Newsletter - February 2016
It’s not every day (or year or decade for that matter) that you get a full-fledged Hollywood blockbuster that focuses on the ins and outs of the financial industry. Yet that’s what we got at the end of 2015 when The Big Short debuted in theaters.
The film, directed by the man who directed Anchorman and populated by A-listers like Brad Pitt, Ryan Gosling, and Steve Carell, tells the story of the bursting of the housing bubble by zooming in on the tiny handful of people who foresaw the catastrophe and were able to profit from it. It is a well-told story with great acting, and it deserves the award conversation that is floating around it.
But how accurate is it? Most films about the financial industry go to great lengths to make the content palatable to a lay audience, occasionally skirting the truth in the effort. So I imagine many of you are wondering where on the spectrum of truthfulness The Big Short falls. Let’s take a look…
The Big Short” makes a big deal of its protagonists realizing that there was a giant housing bubble in the middle of the last decade at a time no one else could see it. But that’s not quite right. When no-money-down home loans were commonplace and home prices were soaring, there was widespread discussion of the possibility that the United States was experiencing a housing bubble.
Mr. Irwin is right to say that movie makes its characters seem a bit more prescient than they may have truly been. He points out that publications like Economist and New York Times were running articles that spoke of the possibility of a catastrophic bubble years before it popped. In fact, Google’s peak search traffic for the term “housing bubble” came in 2005, two years before the crash began. So tuned-in people were aware of the possibility.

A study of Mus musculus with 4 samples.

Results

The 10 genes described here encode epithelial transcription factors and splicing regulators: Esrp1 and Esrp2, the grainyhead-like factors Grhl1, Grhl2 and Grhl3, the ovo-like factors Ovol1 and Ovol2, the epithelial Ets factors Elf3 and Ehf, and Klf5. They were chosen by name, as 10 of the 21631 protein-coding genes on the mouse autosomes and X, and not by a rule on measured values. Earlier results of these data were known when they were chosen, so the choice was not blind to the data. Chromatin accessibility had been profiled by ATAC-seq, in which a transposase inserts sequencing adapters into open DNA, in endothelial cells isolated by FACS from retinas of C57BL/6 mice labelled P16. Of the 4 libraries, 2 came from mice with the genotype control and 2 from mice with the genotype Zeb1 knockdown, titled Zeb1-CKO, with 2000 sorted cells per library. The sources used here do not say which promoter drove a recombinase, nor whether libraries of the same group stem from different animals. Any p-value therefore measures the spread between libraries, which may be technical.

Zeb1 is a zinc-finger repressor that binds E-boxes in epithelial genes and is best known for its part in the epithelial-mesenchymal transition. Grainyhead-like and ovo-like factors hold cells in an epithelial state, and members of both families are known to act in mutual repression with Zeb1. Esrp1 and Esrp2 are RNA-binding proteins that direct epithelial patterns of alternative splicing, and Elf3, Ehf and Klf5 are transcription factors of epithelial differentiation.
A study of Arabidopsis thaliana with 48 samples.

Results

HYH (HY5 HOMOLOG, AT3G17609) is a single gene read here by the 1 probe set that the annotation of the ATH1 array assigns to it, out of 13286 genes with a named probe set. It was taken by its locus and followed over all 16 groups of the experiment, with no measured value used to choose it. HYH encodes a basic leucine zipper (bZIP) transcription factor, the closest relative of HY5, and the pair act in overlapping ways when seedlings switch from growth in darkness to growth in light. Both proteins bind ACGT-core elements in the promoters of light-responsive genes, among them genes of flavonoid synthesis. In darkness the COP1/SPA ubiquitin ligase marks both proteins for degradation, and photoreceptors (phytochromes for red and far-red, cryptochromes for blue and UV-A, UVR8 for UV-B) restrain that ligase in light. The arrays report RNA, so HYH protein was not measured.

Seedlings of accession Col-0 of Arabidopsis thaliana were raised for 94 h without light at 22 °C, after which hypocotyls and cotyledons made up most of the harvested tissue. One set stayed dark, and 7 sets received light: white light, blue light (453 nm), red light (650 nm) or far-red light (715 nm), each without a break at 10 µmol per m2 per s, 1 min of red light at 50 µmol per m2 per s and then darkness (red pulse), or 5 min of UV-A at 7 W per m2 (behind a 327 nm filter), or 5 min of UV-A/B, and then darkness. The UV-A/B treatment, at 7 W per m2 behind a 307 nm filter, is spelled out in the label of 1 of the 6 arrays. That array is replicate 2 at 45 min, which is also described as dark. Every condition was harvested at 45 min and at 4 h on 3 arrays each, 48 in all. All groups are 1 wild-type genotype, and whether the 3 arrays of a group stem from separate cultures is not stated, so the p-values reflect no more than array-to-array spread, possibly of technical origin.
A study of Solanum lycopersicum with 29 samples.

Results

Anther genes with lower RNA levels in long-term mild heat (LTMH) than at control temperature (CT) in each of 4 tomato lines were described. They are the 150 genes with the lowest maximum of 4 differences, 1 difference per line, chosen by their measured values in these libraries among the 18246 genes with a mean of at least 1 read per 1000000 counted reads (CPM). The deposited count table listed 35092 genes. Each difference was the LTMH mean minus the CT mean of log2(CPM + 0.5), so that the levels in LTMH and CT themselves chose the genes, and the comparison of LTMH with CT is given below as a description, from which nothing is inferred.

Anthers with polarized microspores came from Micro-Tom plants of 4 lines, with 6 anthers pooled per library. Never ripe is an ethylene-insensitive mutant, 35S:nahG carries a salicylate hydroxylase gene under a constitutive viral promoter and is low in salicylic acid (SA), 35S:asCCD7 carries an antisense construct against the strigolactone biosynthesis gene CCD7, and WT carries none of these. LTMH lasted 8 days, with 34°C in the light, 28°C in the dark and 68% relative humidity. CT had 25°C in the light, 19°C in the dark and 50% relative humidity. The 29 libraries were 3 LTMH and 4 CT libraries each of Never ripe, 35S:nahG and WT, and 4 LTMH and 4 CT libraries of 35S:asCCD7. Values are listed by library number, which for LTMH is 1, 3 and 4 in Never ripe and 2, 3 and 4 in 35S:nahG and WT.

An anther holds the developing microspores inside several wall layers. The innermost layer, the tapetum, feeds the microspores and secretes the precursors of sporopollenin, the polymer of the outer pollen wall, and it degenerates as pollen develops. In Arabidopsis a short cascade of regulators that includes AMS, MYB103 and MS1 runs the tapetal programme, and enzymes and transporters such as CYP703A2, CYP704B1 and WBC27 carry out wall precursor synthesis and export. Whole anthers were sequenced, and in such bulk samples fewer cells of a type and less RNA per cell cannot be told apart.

But this weakness doesn’t cripple the movie. Mr. Irwin also states, “It is the strongest film explanation of the global financial crisis … The movie does an impressive job of conveying arcane financial concepts that are very hard for a general audience to grasp.” He notes, quite correctly, that the characters’ abilities to profit from the collapse are where their true genius shines.
The Verdict: The Big Short makes some minor accuracy concessions for the sake of brevity and storytelling, but overall is on point with its depiction of the housing bubble and the economics that led to it. The characters may be a bit larger than life, but the spirit of the film captures important truths about the financial industry.
So watch, laugh, and shudder all over again at the painful memories the film invokes. It is an important reminder of lessons we should never forget. In the meantime, if you need a helping hand with your document retrieval/compliance systems, Blue Streak Docs is here for you. Plus, if you haven’t worked with us yet, you can try us out and get your 5th order FREE!